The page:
The history of bowling: Part 2
In the first part of our series, we looked at the earliest origins of bowling, when it was a popular pastime among children in Ancient Egypt and Rome.
What was the next step in the evolution of the game? How did it spread through the centuries across the Western world and beyond?
Today we find out how people passed their spare time in the Middle Ages…
No, we're not talking about that delicious rainbow-coloured candy.
Skittles was actually a sport played by men during Medieval times, when they weren't too busy going to war in their shining armour.
Also called Nine Pins, the sport was incredibly similar to modern-day bowling (except with one less pin, of course). Players would roll a ball made of rubber or wood down a lane in order to knock down the pins, and points were scored accordingly.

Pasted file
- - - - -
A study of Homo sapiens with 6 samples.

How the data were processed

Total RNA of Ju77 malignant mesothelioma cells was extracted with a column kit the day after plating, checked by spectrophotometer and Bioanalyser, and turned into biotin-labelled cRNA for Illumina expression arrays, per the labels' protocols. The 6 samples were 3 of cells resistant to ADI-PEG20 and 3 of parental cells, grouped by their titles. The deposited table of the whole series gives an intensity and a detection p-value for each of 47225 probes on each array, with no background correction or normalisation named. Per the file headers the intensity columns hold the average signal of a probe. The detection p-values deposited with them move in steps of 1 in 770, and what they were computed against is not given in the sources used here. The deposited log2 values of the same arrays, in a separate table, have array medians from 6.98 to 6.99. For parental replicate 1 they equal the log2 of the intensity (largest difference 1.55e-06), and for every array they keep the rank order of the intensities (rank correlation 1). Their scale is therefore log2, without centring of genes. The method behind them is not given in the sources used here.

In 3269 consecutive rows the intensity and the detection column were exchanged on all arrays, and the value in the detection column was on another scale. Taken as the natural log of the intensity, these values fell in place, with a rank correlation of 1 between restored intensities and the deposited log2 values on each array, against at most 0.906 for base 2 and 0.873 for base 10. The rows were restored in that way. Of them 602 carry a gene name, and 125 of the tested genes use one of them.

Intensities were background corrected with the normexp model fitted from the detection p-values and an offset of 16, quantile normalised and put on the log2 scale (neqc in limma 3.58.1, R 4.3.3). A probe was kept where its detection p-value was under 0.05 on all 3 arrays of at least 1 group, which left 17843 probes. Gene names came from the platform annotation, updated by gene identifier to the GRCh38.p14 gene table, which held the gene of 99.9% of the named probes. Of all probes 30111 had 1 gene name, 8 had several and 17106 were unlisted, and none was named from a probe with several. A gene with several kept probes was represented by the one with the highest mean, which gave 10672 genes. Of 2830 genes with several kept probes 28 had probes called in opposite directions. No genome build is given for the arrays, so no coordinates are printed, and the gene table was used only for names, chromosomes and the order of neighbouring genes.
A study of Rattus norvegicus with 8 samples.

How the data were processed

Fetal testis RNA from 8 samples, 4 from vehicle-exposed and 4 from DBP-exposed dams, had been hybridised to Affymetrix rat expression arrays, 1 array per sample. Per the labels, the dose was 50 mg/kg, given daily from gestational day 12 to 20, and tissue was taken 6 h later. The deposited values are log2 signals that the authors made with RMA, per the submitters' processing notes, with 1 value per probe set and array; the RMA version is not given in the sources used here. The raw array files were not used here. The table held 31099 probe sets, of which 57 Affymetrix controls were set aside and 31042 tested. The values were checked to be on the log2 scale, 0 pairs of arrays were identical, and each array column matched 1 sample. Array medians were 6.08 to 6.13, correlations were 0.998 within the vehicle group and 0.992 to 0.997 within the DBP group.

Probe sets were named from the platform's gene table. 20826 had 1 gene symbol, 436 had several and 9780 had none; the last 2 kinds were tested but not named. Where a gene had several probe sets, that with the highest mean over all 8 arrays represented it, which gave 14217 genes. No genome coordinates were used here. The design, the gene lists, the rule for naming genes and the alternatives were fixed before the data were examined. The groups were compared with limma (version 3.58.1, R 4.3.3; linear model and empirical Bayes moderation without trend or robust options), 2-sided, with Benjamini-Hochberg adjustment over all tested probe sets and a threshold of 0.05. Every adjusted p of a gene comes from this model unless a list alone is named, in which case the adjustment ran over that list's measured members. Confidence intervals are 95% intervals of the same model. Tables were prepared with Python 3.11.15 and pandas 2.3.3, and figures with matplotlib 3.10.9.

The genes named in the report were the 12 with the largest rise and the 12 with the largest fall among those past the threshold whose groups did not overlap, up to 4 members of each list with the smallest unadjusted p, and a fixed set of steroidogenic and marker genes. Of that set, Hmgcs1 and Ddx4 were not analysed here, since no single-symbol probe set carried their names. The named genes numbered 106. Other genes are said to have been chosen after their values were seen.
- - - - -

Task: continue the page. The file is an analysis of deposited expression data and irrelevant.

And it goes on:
Skittles began in Great Britain, which shows that there are more things the English introduced to the world than just fantastic tea.
If you think monks led boring lives in dark and dank monasteries, think again.
Historians believe that monks who lived around 300 AD also played an early variant of bowling - however with a much more religious twist.
They would set up a series of pins, called Kegels, and roll a heavy ball down a platform towards them.
Why on earth did they decide to play such a game though?
Apparently the Kegels represented the monks' sins and temptations, and the ball was meant to be God knocking them down.
So now you know about two more early forms of bowling, and how the game traversed ancient civilisations to become the popular recreational activity it is today.
Next time you're organising bowling parties for kids, use your new knowledge to impress them with a few historical facts!